SYDNEY — The mother of an Australian woman facing the death penalty in Malaysia for trafficking drugs begged for her daughter to be sent home alive Thursday, protesting that she was innocent.
Emma Louise L'Aiguille, 34, was charged in a Kuala Lumpur court this week with trafficking methamphetamines after she was arrested allegedly in possession of one kilogram (2.2 pounds) of the drug two weeks ago.
L'Aiguille, a nurse from Melbourne, made a tearful court appearance on Tuesday and her mother, Amanda Innes, said she had conveyed a "Mum, I'm sorry, I didn't do it" message back to Australia through consular officials.
"I felt shocked and numb when I was told," Innes told News Limited newspapers of learning that her daughter faced death by hanging if convicted.
"I don't want her to be (hanged), and the thought of that just terrifies me."
Innes appealed directly to the Australian and Malaysian governments to intervene.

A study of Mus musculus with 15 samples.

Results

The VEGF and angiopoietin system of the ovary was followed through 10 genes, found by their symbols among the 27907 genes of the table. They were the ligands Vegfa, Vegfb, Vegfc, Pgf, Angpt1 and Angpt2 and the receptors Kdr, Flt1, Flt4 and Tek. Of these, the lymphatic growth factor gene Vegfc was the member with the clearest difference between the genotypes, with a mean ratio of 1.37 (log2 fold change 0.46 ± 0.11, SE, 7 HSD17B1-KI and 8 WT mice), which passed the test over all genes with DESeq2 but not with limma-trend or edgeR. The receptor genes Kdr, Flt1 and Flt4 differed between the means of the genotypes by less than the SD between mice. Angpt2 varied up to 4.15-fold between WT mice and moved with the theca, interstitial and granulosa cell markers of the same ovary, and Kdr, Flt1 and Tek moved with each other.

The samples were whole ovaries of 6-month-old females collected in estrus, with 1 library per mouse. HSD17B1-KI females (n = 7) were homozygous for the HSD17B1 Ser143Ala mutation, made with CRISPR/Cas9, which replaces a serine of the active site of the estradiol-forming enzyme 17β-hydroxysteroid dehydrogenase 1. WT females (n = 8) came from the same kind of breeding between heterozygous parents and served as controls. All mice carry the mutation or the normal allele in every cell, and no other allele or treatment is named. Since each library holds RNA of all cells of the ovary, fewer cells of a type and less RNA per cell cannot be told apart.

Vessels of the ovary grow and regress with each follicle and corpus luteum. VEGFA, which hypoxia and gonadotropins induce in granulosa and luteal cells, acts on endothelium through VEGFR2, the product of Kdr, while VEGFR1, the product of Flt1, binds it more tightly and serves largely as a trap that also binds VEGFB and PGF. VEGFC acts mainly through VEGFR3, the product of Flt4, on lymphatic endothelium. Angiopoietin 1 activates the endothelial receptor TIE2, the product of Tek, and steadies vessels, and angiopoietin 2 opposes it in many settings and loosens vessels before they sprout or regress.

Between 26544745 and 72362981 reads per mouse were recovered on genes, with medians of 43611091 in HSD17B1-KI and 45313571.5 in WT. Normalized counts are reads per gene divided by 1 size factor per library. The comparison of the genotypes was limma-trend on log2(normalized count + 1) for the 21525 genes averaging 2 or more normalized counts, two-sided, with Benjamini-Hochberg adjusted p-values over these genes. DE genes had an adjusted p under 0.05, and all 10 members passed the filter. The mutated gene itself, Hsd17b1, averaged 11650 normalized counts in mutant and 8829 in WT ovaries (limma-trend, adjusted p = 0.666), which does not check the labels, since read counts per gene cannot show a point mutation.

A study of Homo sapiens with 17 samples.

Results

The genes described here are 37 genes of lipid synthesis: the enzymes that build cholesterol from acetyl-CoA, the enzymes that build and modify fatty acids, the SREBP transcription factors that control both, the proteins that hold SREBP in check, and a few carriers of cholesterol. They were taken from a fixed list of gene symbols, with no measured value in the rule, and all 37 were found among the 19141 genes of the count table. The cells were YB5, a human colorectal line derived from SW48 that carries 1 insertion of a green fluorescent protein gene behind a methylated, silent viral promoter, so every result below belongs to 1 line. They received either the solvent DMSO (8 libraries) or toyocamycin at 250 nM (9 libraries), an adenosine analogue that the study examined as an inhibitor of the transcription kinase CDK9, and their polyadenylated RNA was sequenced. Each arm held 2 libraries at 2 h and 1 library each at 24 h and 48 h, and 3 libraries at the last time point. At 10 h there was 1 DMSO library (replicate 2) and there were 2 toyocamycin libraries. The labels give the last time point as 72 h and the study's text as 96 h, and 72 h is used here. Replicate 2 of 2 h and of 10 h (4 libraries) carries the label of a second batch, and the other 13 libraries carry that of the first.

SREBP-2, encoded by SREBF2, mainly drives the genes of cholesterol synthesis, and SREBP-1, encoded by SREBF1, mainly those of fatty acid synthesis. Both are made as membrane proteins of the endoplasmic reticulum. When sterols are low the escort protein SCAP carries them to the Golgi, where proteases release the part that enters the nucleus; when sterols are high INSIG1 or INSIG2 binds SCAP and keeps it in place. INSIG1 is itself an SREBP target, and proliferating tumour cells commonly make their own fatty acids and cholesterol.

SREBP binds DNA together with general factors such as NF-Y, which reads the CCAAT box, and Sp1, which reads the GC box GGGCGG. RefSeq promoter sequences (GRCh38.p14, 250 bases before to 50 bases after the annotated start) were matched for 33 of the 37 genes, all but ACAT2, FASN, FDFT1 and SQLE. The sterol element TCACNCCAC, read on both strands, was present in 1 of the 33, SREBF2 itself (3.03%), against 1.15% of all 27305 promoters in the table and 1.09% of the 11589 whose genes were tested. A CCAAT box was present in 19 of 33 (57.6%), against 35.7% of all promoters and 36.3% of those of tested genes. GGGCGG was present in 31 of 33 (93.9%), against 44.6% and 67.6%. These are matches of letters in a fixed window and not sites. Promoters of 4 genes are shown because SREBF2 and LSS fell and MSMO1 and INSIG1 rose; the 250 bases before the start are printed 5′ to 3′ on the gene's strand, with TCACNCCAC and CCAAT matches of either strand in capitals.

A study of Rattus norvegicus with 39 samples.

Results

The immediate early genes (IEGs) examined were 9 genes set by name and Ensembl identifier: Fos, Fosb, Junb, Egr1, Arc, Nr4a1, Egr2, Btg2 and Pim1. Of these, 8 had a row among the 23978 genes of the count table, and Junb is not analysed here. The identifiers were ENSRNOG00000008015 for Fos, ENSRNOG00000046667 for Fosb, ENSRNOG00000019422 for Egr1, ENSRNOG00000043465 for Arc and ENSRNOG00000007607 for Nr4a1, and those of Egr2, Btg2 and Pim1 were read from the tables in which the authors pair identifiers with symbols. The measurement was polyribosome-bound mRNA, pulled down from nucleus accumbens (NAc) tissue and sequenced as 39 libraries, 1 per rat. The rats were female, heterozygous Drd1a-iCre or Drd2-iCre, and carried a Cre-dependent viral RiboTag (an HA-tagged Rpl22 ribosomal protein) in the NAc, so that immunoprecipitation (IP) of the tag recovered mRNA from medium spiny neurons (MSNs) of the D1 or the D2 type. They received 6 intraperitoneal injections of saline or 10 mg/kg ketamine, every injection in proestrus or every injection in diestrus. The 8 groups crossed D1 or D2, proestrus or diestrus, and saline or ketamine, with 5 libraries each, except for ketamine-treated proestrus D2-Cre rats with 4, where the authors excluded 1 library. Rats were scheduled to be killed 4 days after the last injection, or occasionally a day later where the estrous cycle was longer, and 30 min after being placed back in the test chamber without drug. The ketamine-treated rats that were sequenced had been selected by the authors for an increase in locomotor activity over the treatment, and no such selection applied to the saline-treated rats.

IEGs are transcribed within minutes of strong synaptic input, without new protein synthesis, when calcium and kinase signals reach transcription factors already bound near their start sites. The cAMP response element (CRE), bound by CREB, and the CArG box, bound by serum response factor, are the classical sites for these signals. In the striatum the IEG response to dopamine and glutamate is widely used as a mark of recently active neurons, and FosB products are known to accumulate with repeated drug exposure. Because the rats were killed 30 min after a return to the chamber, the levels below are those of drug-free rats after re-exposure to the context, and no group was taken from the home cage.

"Please don't hang her," she said. "I just want her to be brought home alive."
Innes said her daughter was a "strong girl, but she was also very fragile".
"I'm not sure how she'll cope. I still don't think it's hit me, I can't get my head around it," she added.
L'Aiguille is alleged to have been driving the car the drugs were found in, and her lawyers said there had been three male passengers from Nigeria inside, including her boyfriend, referred to by Australian media as "Mac".
One of the trio, Anthony Esikalam Ndidi has been arrested and charged, but the other two are yet to be found.
Innes said her daughter -- a mother of six -- had been in a relationship with Mac for two years, and she feared something was wrong when L'Aiguille did not respond to telephone calls two weeks ago.
Drug trafficking carries a mandatory death sentence by hanging in Malaysia, where hundreds of people are on death row, mostly for drug offences, including Australian Dominic Bird, who was arrested in March.
Since 1960, more than 440 people have been executed in Malaysia, including two Australians put to death in 1986 for heroin trafficking -- the first Westerners to be executed under tough new anti-drug laws.
A spokesman for Foreign Minister Bob Carr stressed that it was "too early to speculate" on the outcome of the case, with hearings yet to begin and a verdict a long way off.
"Australia opposes the death penalty and our views are well known to Malaysian authorities," he said.